Last week we welcomed home Gilad Schalit and proved yet again that Israel values life above all else. In last week’s news there were dozens of examples of the Jewish State’s work to preserve life and improve the lives of others in Israel and all over the world.
We start with Israel’s life-changing bio-tech companies. Enopace Biomedical is developing a non-invasive implant that prevents heart failure by easing the pressure in the left ventricle and improving blood flow to the heart. It would be the biggest breakthrough treatment for congestive heart failure. The medical world also celebrated the 10th anniversary of Given Imaging’s launch on the NASDAQ stock exchange. Given Imaging is responsible for the world-famous PillCam miniature camera that can detect bowel cancer. It has also developed the unique Bravo pH capsule that diagnoses sufferers of Gastroesophageal Reflux Disease.
Israel’s technological innovations are saving lives constantly. One of the latest breakthroughs comes from Israel’s Brightway Vision. It has adapted its parent company Elbit’s night vision technology and is now working to produce an inexpensive system that improves vision while driving at night in order to prevent road accidents. Israel’s clean technology improves the lives of everyone on the planet. Israeli wastewater treatment company Emefcy was named Early Stage Company of the Year at the Global Cleantech 100 Summit and Gala held in Washington, DC. Seven Israeli companies were included in the Top 100 – the only Middle East country to be represented.
Clean energy will make life better for everyone and Israel’s solar power experts are at the centre of the industry. Israel’s BrightSource Energy is building a huge 750MW Concentrated Solar Power plant in California that will generate more electricity than 3.5 traditional US coal or gas-fired power plants. Israel has gone into partnership with France to harness the Sun’s energy inside the Jewish State. The French company EDF energy is working in partnership with Dalkia Israel to build five solar farms on Kibbutz sites across Israel. Meanwhile we keep discovering more natural gas. Another 42.4 billion cubic feet has been detected up at the Or-1 site off Israel’s coast.Power from the Sun – as seen from Tel Aviv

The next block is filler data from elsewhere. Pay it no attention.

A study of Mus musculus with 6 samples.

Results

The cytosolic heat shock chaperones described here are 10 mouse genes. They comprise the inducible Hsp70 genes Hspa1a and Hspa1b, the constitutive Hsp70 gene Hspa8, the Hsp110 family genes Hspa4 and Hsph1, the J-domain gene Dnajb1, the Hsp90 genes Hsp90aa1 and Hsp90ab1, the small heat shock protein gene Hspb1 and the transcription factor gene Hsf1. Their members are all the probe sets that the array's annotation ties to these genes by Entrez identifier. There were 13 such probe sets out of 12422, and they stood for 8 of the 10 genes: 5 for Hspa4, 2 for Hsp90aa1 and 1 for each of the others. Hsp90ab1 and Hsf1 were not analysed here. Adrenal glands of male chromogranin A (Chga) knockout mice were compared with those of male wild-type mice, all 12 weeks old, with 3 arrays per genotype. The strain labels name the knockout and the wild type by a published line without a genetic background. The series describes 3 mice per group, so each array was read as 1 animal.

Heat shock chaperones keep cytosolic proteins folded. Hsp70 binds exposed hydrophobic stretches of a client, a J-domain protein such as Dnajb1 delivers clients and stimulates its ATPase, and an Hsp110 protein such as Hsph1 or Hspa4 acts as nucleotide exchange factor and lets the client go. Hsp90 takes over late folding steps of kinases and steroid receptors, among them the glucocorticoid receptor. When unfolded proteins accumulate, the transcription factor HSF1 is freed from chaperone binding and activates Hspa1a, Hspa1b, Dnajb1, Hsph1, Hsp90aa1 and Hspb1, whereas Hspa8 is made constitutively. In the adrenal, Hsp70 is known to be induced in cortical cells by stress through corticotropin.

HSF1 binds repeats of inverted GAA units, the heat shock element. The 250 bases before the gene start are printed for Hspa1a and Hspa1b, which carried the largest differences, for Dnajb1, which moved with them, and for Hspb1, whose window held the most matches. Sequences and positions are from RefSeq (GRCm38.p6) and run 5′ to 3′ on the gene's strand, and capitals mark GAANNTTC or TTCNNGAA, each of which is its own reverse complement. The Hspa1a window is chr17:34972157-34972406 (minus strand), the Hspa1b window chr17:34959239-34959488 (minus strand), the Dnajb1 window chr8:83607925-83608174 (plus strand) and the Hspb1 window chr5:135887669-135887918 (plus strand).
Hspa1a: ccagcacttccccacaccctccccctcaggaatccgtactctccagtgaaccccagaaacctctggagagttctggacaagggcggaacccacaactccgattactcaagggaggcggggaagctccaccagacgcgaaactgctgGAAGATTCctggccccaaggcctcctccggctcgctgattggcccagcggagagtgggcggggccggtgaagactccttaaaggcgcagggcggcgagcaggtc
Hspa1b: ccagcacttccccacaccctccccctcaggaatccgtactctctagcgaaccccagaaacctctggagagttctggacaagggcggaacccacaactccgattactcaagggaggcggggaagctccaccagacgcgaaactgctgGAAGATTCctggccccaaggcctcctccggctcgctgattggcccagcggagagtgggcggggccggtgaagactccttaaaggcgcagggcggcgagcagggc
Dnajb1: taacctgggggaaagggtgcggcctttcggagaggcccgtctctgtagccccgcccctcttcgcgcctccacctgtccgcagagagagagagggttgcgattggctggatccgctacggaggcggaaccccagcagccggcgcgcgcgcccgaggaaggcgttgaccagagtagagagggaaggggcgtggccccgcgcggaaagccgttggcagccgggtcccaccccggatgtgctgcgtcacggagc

Photo: Michael Ordman
So it’s not surprising that we regularly receive international guests who want to learn more from us. Canada’s Nova Scotia Premier Darrell Dexter has brought a delegation to Israel on a weeklong trade mission. Their goal is to develop IT, clean-tech, marine and life-sciences businesses. And why not, when ‘Tiny Israel is a giant in scientific research’ as Jonah Mandel summarised for AFP news agency. More proof is visible when you read through this list of the 50 fastest growing Israeli technology companies.
Israel has long had to contend with the threat to life from terrorism. Elbit’s Wise Intelligence Technology (WiT) system supports every stage of the intelligence and investigation process. Elbit has just sold a version of the system to an unnamed Asian country. Meanwhile, Israeli artist Yaron Bob turns rockets into roses. With just a hammer, anvil and furnace, melts, moulds and sculpts the remains of Kassam rocket attacks from Gaza into gorgeous flowers. And child-friendly Israel improves the quality of life for children crippled from exploding missiles. It has made several parks and playgrounds accessible with special facilities for wheelchair users.
Not all Arabs believe in the Hamas death culture. Israel’s exchange of 1027 Arab terrorists for Gilad Schalit has impressed many Arab users of the Internet’s Twitter communication system. For example, a Syrian tweeted that the Israeli government ‘is willing to pay the ultimate price for one citizen. All this while our government is killing us like animals’. Back in Israel, life goes on, which includes saving lives. In the same week that Israel released Arab murderers, an IDF patrol provided emergency medical treatment to two Palestinian Arab workers who fell three floors in a Palestinian Authority administered town, southwest of Hebron.
Our Torah has sustained the lives of the Jewish people throughout our history. So it is fitting that hundreds of Torah scrolls have been recovered from the Holocaust, restored and presented to the defenders of our nation. The 200th scroll was dedicated to Ruby Davidman, one of the founders of Young Israel’s ‘Redeem a Torah’ campaign who died last year. This symbol of the continuity of Jewish life is enhanced by the fact that Ruby’s grandson Amit serves at the army base that received the scroll.So as Gilad Schalit recovers from his ordeal with the support of his family and the best wishes of all Israeli lovers of life, we hope that he enjoys the song ‘Now you are here’ written especially for him by Arik Einstein and Guy Bocati.
And we pray that he is able to live again.
Michael Ordman writes a weekly newsletter containing Good News stories about Israel.